A research charity has discovered that coded IRA warnings were not heeded in a series of attacks in 1972 which became known as ‘Bloody Friday’.
Despite repeated of denials that warnings of the attacks existed, records of them were found in British Army logs.
Nine people died on 21 July 1972 after the warnings failed to clear the areas where attacks took place at Oxford Street and at Cavehill Road in Belfast. The Paper Trail organisation also discovered warnings for a third explosion at Limestone Road which had also been falsely recorded as a “no-warning” bombing.
Speaking in 2001, Brendan Hughes, Officer Commanding of the IRA’s Belfast Brigade, said he viewed the attacks that day as “a disaster” and had feared the British Army “would allow some to go off because it suited them to have casualties”.
The papers show the British Army logged one warning over 32 minutes before an explosion in which six people died. Neither the RUC nor British Army record any actions to clear the area or deactivate another two, with one left in place for around 1 hour and 9 minutes before it exploded, and the other for 36 minutes. The police Historical Enquiries Team still records both of these explosions as “no-warning” bombs and that is how they were reported at the time.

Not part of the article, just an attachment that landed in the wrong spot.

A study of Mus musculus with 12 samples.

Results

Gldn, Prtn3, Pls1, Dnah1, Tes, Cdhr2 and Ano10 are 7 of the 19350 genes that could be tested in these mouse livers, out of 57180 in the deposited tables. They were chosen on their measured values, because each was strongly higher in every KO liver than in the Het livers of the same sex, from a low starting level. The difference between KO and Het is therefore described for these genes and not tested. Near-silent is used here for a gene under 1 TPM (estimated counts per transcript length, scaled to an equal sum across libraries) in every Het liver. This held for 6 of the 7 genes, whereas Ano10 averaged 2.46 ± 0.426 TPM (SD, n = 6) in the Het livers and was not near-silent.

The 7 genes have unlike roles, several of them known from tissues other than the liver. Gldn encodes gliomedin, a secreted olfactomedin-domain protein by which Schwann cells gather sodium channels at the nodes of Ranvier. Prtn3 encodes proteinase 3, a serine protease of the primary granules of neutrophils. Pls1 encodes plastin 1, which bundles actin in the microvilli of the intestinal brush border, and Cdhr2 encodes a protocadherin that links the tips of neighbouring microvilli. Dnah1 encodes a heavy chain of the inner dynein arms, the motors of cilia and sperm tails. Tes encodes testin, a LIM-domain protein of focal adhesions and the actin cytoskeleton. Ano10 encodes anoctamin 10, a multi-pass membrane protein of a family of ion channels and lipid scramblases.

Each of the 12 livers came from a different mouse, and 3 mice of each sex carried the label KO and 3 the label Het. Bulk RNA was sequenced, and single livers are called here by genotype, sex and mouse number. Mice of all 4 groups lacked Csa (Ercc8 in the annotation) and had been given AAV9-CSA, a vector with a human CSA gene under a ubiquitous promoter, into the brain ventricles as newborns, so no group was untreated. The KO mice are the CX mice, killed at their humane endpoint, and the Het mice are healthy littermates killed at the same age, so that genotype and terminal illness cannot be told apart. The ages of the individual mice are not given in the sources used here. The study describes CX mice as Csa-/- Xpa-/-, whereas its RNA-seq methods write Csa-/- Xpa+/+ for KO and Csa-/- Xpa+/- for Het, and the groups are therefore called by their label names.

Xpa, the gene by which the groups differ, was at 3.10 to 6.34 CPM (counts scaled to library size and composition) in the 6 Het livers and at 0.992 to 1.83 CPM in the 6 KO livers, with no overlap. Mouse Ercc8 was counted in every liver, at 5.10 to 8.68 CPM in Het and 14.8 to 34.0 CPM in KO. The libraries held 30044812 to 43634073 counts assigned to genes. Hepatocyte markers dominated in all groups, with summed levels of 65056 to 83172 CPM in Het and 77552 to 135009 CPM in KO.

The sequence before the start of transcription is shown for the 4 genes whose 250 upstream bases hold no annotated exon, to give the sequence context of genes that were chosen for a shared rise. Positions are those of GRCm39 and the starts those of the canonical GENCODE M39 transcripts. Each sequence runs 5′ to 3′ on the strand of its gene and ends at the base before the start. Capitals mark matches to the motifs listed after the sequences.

“This is wrong and we need to interrogate why the authorities did not even attempt to clear these two specific locations,” said Ciaran Mac Airt of Paper Trail.
He said that “despite the desperate actions of the British armed forces on Bloody Friday, which undoubtedly saved scores of civilian lives” - the families of the victims may question the “terrible missed opportunities” to save lives.
“The families may also question why they and the Coroner were given false information by the authorities,” he added.